A set of magazines, three for 7.62x39mm Kalashnikov rifles, and one for SVD (Dragunova) rifles, 7.62x54mmR. For the Kalashnikov mags, you can see the three general standards Russia went through with the AK in 7.62x39mm, until moving to the AK-74 in 5.45x39mm.
The first pattern, commonly nicknamed 'slabside' magazines, are ridiculously robust and stamped from 1mm thick steel, which works and is damn near impossible to wear out, but it didn't take all that long to realize that they're needlessly heavy and expensive. Eventually a new pattern was devised, using thinner sheet steel, with stamped into the magazine for reinforcing strength, these were much more practical, and would see by far the most widespread use, to this day, this pattern is the stereotypical "AK-47 magazine", and in many countries who still uses AKs, these magazines remain in common use, some in spite of having moved on from the AK itself, yet still using the same 7.62x39mm cartridge.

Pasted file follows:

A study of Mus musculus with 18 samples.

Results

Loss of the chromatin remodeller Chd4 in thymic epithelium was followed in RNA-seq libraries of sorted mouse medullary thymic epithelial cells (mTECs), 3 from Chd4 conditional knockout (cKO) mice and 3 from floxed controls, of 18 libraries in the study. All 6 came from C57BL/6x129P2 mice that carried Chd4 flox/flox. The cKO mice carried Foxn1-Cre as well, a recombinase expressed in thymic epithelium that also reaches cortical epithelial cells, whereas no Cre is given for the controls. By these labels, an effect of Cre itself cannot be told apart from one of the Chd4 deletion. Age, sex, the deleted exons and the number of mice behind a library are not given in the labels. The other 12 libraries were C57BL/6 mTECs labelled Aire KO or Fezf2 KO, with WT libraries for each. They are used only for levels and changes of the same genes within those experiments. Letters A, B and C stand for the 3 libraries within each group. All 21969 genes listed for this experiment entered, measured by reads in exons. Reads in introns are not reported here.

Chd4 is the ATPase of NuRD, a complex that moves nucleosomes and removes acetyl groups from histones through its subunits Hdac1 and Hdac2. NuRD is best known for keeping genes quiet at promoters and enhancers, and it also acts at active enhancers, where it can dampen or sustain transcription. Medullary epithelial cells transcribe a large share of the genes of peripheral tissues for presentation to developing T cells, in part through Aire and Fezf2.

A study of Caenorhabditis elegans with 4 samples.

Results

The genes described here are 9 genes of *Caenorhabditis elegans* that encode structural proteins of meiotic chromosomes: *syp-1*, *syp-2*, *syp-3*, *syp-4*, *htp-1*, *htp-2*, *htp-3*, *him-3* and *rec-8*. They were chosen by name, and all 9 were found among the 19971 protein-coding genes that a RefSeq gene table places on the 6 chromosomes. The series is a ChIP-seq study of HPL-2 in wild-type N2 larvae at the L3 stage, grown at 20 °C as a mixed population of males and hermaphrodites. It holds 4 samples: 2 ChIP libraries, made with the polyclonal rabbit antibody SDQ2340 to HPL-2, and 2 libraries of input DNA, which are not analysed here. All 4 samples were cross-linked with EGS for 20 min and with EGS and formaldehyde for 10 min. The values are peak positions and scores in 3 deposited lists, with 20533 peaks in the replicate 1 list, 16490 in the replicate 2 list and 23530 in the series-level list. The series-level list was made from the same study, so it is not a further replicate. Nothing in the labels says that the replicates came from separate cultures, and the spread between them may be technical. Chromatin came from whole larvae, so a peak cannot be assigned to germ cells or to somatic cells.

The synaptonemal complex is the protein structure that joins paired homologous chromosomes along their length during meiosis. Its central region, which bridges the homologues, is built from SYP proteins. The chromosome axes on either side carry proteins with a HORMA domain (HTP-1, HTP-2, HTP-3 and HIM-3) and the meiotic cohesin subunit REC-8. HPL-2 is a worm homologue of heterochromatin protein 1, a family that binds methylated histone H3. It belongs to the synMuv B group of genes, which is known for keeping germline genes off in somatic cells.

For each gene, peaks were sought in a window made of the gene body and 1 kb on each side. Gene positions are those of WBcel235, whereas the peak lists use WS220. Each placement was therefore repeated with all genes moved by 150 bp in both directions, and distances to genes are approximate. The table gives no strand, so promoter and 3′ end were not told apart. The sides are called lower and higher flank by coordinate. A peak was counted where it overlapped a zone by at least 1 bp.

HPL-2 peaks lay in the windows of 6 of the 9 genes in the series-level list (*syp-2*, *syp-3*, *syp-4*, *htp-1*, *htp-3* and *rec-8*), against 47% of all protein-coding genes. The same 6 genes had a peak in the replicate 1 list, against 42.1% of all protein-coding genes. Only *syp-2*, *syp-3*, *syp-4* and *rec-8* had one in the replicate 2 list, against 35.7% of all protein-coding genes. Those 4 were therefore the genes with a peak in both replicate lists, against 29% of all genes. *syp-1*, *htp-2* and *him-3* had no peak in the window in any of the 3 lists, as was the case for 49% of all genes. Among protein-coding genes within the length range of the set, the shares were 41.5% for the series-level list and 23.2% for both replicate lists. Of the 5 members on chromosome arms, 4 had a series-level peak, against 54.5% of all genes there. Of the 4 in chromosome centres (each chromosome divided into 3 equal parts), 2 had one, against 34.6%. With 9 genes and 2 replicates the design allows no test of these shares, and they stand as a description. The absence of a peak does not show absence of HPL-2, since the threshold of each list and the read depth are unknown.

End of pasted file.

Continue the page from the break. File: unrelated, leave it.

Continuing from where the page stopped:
A particular issue had been showing itself with these steel magazines however, in that during spring and fall season (and generally any reliably cold and humid environment), it was found that frost and/or condensation could form inside the magazine bodies, and over periods of frost and thaw cycles this could cause surface rust to gradually develop in the magazine, which if left unattended to could lead to the follower to struggle to move smoothly, or in the worst case, at all, which obviously can lead to reliability problems.
Initially aluminum was considered as an alternative, original prototypes were just the same 'ribbed' style, then a 'waffle' pattern style was devised (seen here >>94477
), and put into minor use, but they quickly found them unsatisfactory.
Synthetics would instead be pursued, a material called phenolic resin, sometimes nicknamed Bakelite (which it strictly isn't), the body of the magazine would be made of this material, with embedded steel reinforcements for the locking lug and feed lips.